Shawn writes, I’ve got a 4.25 GB .avi file that I need to get to somebody. Every time I try to FTP it, I time out after about 25 MB transferred. Any suggestions on how to shrink it (tried to zip and was told it was too large)?
There are several ways to tackle this issue. If FTP is timing out, one way to address the problem is to use an FTP client that automatically resumes uploads when a timeout occurs, this way you get the file transferred without the frustration of numerous restarts. A second option is to use a compression utility that breaks large files into smaller chunks for easier file transfer. A third option is to simply burn the file to a data DVD and send it via overnight mail. Sure you’re out $15, but it’s a foolproof method for getting files from Point A to Point B with reasonable quickness. Read on to look at how each of these options plays out.
FTP Transfer Resume
If you experience frequent timeouts from a server you’re trying to upload to, an FTP client with built-in resume is a must. For cases where you want to make secure file transfers, the free WinSCP client is my favorite choice. It makes a secure connection to your server (SFTP) and supports transfer resume for most FTP servers or an FTP append function for servers that are still using older implementations of SFTP. If your server doesn’t support secure connections, the free version of SmartFTP is also an excellent choice for setting up file transfers to resume automatically.
Breaking Large Files Into Smaller File Parts
One of the oldest methods for transferring large files online is to use a tool to break the larger file into smaller pieces to be reassembled by the person downloading the file parts. My favorite solution for this is the compression utility, WinRAR. It costs $29, but is worth every penny. For years, WinRAR was the app of choice for newsgroup posting of video files. It remains one of the most efficient methods for compressing a file and breaking it into smaller chunks. The WinRAR interface supports breaking files into a wide variety of size, from as small as floppy disk size, to multiple CD or DVD sizes for really large files.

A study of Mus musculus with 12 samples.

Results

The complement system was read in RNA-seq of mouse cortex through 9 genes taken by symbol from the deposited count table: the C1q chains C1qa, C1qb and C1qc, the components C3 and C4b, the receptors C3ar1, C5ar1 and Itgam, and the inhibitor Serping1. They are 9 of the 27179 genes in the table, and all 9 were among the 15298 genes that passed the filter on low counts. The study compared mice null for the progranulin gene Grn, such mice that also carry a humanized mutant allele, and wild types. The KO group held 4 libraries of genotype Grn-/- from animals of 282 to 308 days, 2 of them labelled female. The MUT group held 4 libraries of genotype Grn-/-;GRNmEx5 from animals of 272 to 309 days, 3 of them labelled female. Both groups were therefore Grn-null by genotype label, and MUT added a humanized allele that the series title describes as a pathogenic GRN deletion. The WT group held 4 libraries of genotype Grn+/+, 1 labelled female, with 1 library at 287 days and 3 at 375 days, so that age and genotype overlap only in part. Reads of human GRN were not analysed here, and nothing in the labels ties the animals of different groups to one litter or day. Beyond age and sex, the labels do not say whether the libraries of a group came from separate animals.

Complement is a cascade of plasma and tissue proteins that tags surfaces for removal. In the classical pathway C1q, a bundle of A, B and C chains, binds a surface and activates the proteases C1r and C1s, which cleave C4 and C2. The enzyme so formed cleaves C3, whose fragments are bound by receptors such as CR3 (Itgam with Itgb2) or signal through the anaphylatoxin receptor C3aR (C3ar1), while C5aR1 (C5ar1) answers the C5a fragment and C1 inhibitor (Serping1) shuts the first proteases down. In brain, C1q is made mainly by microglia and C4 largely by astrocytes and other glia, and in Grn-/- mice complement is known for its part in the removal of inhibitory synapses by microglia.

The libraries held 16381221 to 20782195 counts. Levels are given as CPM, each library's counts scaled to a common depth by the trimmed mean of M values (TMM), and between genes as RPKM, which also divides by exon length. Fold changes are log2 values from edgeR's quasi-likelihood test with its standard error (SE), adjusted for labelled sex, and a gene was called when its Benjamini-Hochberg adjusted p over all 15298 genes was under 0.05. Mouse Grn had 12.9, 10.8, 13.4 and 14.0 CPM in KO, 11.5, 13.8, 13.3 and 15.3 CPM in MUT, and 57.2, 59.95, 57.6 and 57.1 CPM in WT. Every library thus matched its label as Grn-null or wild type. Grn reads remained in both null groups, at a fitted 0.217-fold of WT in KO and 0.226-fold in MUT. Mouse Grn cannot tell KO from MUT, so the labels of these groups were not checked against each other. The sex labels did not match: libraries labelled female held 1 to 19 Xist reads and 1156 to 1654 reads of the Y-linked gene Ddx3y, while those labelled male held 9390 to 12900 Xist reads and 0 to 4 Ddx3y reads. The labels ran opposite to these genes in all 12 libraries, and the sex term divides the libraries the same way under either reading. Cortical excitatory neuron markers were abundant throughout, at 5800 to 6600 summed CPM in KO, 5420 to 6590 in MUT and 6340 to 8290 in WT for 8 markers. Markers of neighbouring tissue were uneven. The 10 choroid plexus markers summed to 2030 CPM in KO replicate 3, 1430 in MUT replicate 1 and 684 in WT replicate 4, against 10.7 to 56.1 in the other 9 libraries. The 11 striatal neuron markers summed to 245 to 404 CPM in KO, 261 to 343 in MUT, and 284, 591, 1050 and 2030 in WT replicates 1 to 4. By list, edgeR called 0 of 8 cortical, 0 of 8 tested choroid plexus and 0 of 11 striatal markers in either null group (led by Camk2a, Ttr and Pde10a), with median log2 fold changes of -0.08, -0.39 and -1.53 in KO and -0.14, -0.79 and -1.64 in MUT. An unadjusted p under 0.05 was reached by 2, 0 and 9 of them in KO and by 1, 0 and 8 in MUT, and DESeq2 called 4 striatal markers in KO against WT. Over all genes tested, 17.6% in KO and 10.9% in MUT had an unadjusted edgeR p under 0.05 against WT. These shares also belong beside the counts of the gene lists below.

This could also be a more unusual application for BitTorrent. The protocol is best suited for pulling file part from lots of peers, but it also works for computer to computer transfers. If you make a torrent of the file you want to transfer and let the recipient know how to find it, you can make your machine a super seeder and have them download the file via the torrent. This provides the receiving computer with directions on how to re-assemble all the pieces of a file into a whole and might get around the issues faced with a failing FTP client.
Overnight Mail Saves the Day
Sometimes the old-school method is still the best method. If your upload speed is slow, it can take hours to get a 4.25GB file to a server where the recipient can download it. After you upload the file, they still need to download the file, which will likely take a couple of hours as well. You might spend $15 to get from point-to-point, but you can send several copies and avoid the potential failures of technology in getting data around the world. For smaller jobs (under 20GB), back the data up to a DV tape and ship it.
Above the 20GB range, mail is by far the fastest route for getting data to someone across the country. An iPod makes an excellent solution for shipping large quantities of data in a pinch – just store the files as data, pack the media player for shipping and send.
Other Methods of Data Transfer
Elsewhere I talk about Dropbox as a way to get files moved around between computers, for sharing between my own computers as well as sharing with others. Dropbox gets expensive if you have a large set of really big files and it’s not as good at version control as some other options. If you need virtually unlimited file transfer, consider a solution like IDrive, which I reference in the section on backing up multiple computers online. While they are a backup solution, they also have IDrive Sync, which uploads your files to an online location you can share with others. Because they do versioning better than anything else I’ve tried, I’m starting to look to IDrive as my go to solution for sharing most things. The one downside to this is I still haven’t found many people who are using IDrive, which means I have to convince the person I’m sharing with to create an account.
YouSendIt.com is another popular option. I’ve had people share files with me this way, although I’ve also found it’s upload frequently times out for really big files. YouSendIt supports files up to 2GB in size.